When Joseph Cracco bought his folding knife about a decade ago, he had no reason to think he was breaking the law. Nor did Damien Guedes when he bought a bump stock for his AR-15 rifle in 2014.
Both products were subsequently transformed into contraband -- not by legislators but by law enforcement officials. The way that happened shows how easily policies aimed at promoting public safety can make all of us less secure by undermining the rule of law.
Last week, Cracco, a Manhattan sous chef, won a federal lawsuit he filed after he was arrested for violating New York's 1958 ban on "gravity knives." That law makes it a misdemeanor to possess "any knife which has a blade which is released from the handle or sheath thereof by the force of gravity or the application of centrifugal force which, when released, is locked in place by means of a button, spring, lever or other device."
For years, Cracco had been using his Spyderco Endura 4 folding knife, the sort of tool that is sold openly by retailers in New York City and throughout the state, for mundane tasks like opening boxes and bottles. On a Friday afternoon in October 2013, Cracco was standing on a subway platform, heading home to Connecticut, when a police officer spotted the knife clipped to his pants pocket and subjected it to the New York Police Department's notorious "wrist flick" test.
According to Cracco and a co-worker who was with him, it took the cop four or five tries before he managed to swing the blade fully open with one hand -- a feat that Cracco himself had never attempted. Cracco thus joined the thousands of New Yorkers who are arrested each year for carrying the tools of their trades or hobbies.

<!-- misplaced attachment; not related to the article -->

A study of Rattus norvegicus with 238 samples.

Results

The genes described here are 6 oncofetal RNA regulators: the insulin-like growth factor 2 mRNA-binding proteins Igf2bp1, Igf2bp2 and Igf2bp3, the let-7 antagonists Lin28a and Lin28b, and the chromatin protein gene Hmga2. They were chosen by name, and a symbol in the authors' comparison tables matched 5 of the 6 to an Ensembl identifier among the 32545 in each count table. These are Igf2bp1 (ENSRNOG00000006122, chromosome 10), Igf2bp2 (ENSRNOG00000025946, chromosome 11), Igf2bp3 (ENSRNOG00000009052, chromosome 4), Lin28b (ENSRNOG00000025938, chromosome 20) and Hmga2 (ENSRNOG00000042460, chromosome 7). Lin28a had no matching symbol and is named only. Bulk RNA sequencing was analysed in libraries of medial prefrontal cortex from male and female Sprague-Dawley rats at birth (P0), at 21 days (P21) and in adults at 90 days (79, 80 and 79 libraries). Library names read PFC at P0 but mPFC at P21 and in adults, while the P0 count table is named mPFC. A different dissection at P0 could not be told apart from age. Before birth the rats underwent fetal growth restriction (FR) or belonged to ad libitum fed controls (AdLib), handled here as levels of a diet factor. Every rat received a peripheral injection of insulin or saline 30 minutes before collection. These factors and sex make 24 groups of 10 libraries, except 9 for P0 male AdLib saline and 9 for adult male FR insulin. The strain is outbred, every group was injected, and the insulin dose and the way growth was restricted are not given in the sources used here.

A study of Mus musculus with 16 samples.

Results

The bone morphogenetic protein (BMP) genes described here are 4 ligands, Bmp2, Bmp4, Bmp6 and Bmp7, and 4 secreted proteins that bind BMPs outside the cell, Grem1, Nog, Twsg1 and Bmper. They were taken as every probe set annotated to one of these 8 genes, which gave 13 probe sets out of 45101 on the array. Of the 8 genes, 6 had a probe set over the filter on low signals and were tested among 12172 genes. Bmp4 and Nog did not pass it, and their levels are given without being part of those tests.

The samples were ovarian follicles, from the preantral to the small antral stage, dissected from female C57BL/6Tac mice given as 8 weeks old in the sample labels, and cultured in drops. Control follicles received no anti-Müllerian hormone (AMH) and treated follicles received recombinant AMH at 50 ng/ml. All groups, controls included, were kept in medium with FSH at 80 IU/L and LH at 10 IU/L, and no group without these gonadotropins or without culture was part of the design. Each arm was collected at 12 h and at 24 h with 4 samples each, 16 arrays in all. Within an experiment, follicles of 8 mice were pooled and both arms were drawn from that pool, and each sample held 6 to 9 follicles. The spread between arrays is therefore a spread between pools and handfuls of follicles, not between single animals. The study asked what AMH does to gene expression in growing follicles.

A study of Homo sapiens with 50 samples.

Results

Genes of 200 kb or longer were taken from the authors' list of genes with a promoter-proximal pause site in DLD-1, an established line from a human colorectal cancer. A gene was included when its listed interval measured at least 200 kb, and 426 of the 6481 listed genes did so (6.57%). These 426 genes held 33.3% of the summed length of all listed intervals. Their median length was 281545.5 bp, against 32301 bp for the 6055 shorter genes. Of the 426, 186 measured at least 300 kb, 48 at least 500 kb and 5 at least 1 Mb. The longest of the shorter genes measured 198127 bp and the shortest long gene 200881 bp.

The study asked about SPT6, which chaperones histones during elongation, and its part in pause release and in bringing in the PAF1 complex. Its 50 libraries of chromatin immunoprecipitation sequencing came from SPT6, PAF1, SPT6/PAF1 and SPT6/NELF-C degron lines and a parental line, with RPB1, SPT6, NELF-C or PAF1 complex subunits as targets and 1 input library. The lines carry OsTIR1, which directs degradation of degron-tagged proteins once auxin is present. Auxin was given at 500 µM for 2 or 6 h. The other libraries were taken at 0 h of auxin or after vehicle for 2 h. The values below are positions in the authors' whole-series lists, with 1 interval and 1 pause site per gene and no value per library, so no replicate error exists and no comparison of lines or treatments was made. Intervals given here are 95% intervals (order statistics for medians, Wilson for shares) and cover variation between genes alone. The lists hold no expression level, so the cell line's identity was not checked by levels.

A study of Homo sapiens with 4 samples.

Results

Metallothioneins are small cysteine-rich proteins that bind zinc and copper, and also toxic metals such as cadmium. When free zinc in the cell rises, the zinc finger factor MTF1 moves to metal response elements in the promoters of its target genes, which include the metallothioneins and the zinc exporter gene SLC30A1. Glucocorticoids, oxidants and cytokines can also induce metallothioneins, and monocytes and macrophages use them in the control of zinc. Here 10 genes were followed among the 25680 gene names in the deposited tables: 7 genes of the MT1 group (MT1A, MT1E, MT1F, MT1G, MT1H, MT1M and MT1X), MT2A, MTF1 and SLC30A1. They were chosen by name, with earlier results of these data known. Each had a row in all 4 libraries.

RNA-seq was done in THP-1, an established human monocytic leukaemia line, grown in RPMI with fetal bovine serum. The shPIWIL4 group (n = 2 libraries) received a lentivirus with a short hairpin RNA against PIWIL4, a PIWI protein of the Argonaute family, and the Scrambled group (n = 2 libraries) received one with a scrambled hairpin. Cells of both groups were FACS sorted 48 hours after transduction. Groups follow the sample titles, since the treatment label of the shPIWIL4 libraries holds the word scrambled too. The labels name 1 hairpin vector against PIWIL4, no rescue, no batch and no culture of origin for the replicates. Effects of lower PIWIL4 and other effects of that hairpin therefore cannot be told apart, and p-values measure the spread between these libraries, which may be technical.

"Because the wrist flick test is a functional one, it is difficult if not impossible for a person who wishes to possess a folding knife to determine whether or not the knife is illegal," U.S. District Judge Paul Crotty noted in a March 27 decision declaring the gravity knife ban "unconstitutionally vague" as applied to Cracco. "People should be able to tell whether their conduct is lawful or unlawful."
That bedrock principle of due process was even more flagrantly violated by the ban on "bump-stock-type devices" that took effect last week. The ban, which Donald Trump decided to unilaterally impose after such devices were used by the perpetrator of the 2017 mass shooting in Las Vegas, turned peaceful, law-abiding gun owners into felons for owning products that had been repeatedly deemed legal by the Bureau of Alcohol, Tobacco, Firearms and Explosives during the Obama administration.
Bump stocks facilitate a fast rifle shooting technique in which the shooter pushes the gun forward so that the trigger is activated by a stationary finger, at which point recoil energy causes the gun to slide backward, resetting the trigger. Contradicting what the ATF had consistently told bump stock manufacturers and members of Congress, the Trump administration declared that rifles equipped with these accessories are illegal machine guns.
As Guedes and other bump stock owners point out in their challenge to the ban, that conclusion is plainly at odds with the legal definition of a machine gun, which requires that the weapon fire "automatically" and "more than one shot" by "a single function of the trigger." Bump firing is not automatic; it requires the shooter's active intervention, and it entails resetting the trigger after each round, as with any semi-automatic weapon.
The question raised by Damien Guedes' lawsuit is not whether banning bump stocks is a good idea. The question is whether bump stocks are already banned.
By pretending they are, Trump is usurping congressional authority and criminalizing conduct that everyone thought was legal until he arbitrarily decreed that it wasn't. Like the cop who decided that Joseph Cracco's pocket tool was a forbidden weapon, the president is making up the law on the fly.
Jacob Sullum is a senior editor at Reason magazine. Follow him on Twitter: @JacobSullum.